Posted: 2/16/19 at 8:20am. Column by Ed Jordan.

A Tale of Two Cities, written by Charles Dickens in 1859, is a historical novel depicting the era of the French Revolution. In its opening lines we find one of the greatest quotes in English literature:  

“It was the best of times, it was the worst of times, it was the age of wisdom, it was the age of foolishness, it was the epoch of belief, it was the epoch of incredulity, it was the season of Light, it was the season of Darkness, it was the spring of hope, it was the winter of despair, we had everything before us, we had nothing before us, we were all going direct to Heaven, we were all going direct the other way—in short, the period was so far like the present period, that some of its noisiest authorities insisted on its being received, for good or for evil, in the superlative degree of comparison only.”

This quote is probably so relevant to each generation because it captures the duplicity of our human nature. Since cities and cultures and countries are comprised of people, we often find this strange duality manifesting itself not just in ourselves, but also in our perceptions of the world.

Two people in the same country and living at the same time, or in the same scenario, can have totally opposite perspectives while analyzing the very same data or experience.

The series of contrasts listed in Dickens’ quote can so easily be applied to the different outlooks of two people in different political parties, or of two citizens, or people with different cultural or generational backgrounds who value different things.

Two people in the same country and living at the same time, or in the same scenario, can have totally opposite perspectives while analyzing the very same data or experience.

In our country today there are people who are convinced that this is the best of times, while others are just as adamant that it is the worst of times.

There is more information available to most of us today than at any time in history, so more wisdom ought to be available to us, yet daily we encounter people who behave with such foolishness to cause one to conclude that they have no brain or thinking ability at all.  

We have Bibles in our homes, and we have the ability to read them to gain the wisdom of God; yet few people bother to do it. We have more access to Bible study, worship, and spiritual food, but fewer people attend worship to feed their souls.

Many people are highly educated, but they live in total spiritual darkness with no awareness of God, nor of who Jesus is, or even enough awareness to realize that God is missing from their life. As a culture we have free access to life in the light, and yet so many choose to live in the darkness.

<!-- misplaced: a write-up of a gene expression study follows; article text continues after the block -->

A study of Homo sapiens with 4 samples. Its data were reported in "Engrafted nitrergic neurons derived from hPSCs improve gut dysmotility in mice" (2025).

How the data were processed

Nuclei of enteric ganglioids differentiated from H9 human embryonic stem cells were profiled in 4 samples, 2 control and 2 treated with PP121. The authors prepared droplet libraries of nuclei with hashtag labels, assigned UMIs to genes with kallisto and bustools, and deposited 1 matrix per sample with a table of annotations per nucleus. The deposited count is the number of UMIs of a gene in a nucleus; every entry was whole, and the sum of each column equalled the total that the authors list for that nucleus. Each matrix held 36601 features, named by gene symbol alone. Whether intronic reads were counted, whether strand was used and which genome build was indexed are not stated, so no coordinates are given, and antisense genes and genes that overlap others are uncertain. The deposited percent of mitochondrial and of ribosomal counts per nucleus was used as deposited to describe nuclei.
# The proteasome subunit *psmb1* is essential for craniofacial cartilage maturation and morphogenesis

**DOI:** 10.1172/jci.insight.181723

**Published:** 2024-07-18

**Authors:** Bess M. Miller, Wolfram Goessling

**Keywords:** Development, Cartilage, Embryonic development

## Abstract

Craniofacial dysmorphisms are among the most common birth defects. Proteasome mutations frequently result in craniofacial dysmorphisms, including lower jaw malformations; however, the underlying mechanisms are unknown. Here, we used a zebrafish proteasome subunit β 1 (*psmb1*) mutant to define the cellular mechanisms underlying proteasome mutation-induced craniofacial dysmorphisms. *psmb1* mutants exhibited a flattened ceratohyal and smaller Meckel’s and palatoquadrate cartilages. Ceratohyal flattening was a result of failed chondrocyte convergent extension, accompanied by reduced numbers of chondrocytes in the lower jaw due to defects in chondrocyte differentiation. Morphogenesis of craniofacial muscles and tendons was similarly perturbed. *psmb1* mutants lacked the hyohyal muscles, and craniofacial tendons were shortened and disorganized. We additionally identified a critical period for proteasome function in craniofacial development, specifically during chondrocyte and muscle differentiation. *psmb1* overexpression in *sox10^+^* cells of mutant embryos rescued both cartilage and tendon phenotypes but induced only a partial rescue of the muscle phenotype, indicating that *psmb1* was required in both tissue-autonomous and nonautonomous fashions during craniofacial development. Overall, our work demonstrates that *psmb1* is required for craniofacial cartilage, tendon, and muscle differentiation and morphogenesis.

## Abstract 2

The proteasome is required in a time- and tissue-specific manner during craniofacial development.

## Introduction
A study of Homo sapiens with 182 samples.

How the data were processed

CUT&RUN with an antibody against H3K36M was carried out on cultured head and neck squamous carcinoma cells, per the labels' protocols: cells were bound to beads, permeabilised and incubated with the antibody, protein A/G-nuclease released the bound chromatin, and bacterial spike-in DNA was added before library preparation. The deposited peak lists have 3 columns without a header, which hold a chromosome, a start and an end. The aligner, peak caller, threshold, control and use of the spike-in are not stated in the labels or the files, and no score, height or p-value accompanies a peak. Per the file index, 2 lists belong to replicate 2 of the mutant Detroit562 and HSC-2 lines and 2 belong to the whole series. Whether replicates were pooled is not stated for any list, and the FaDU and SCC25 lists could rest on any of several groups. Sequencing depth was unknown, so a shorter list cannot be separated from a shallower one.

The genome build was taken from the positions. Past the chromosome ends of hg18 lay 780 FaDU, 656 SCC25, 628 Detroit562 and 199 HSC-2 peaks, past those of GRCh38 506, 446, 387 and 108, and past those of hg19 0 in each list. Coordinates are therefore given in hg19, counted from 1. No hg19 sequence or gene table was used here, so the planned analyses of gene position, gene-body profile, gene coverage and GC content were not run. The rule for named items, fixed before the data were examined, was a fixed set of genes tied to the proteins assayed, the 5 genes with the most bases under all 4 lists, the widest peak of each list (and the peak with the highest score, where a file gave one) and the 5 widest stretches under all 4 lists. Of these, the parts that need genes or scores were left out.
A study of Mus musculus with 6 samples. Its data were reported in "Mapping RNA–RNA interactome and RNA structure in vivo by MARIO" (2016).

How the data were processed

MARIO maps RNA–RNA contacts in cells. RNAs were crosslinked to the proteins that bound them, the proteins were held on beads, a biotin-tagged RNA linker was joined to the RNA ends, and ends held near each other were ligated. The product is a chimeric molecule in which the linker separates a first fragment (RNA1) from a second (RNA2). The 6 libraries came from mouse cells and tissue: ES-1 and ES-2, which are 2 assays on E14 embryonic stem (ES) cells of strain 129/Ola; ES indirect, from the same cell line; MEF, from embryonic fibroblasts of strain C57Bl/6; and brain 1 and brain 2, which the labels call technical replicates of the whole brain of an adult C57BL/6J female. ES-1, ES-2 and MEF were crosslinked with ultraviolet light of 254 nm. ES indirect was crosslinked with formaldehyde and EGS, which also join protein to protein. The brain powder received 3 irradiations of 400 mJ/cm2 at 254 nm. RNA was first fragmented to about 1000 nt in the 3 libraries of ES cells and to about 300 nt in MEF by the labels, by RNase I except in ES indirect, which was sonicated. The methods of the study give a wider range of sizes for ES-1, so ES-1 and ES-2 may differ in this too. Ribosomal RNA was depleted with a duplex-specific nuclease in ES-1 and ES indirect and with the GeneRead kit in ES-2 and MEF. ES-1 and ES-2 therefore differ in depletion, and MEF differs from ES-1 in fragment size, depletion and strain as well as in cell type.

With the kinds of opportunities, education, and technology available to us today, we should be living in the best of times; yet the availability of all these things can jumble our priorities, overwhelm our schedules, and overload our senses.

We have access to seemingly endless new fruit and experiences; yet some people look at that scenario and become overcome with stress and hopelessness, because they do not find the renewal of life and hope they desire.  

Life often offers a mix of the good and the bad, the wise and the foolish, joy and delight, as well as sadness and despair. In truth, much of what we find in life is what we are looking for in it. In Proverbs 23:7 (NASB) we read: “As a man thinks in his heart, so is he…” We become like what we think. The world view that we embrace inside us becomes the lens through which we view that world.

Jesus warned us that it is not things that enter into us as food or drink that taint or destroy us; it is the things which come out of our hearts, mouths, and actions.

Listen to the words of Jesus in Matthew 15:18–19 (NASB95): “But the things that proceed out of the mouth come from the heart, and those defile the man. For out of the heart come evil thoughts, murders, adulteries, fornications, thefts, false witness, slanders.”  

We see the world through the lens of our own hearts. To change our perception requires a change of our heart and its perceptions. Our heart gives out what we have put into it.

How is your perception today? How’s your heart?

Our perceptions don’t change until our hearts change.

Is your life a tale of hope or of despair? What do you see through the lens of your heart?

ed-jordan2Award-winning columnist Dr. Ed Jordan is pastor of Gwynn’s Island Baptist Church, Gwynn, VA. You may also read his past columns.

He can be reached at szent.edward@gmail.com.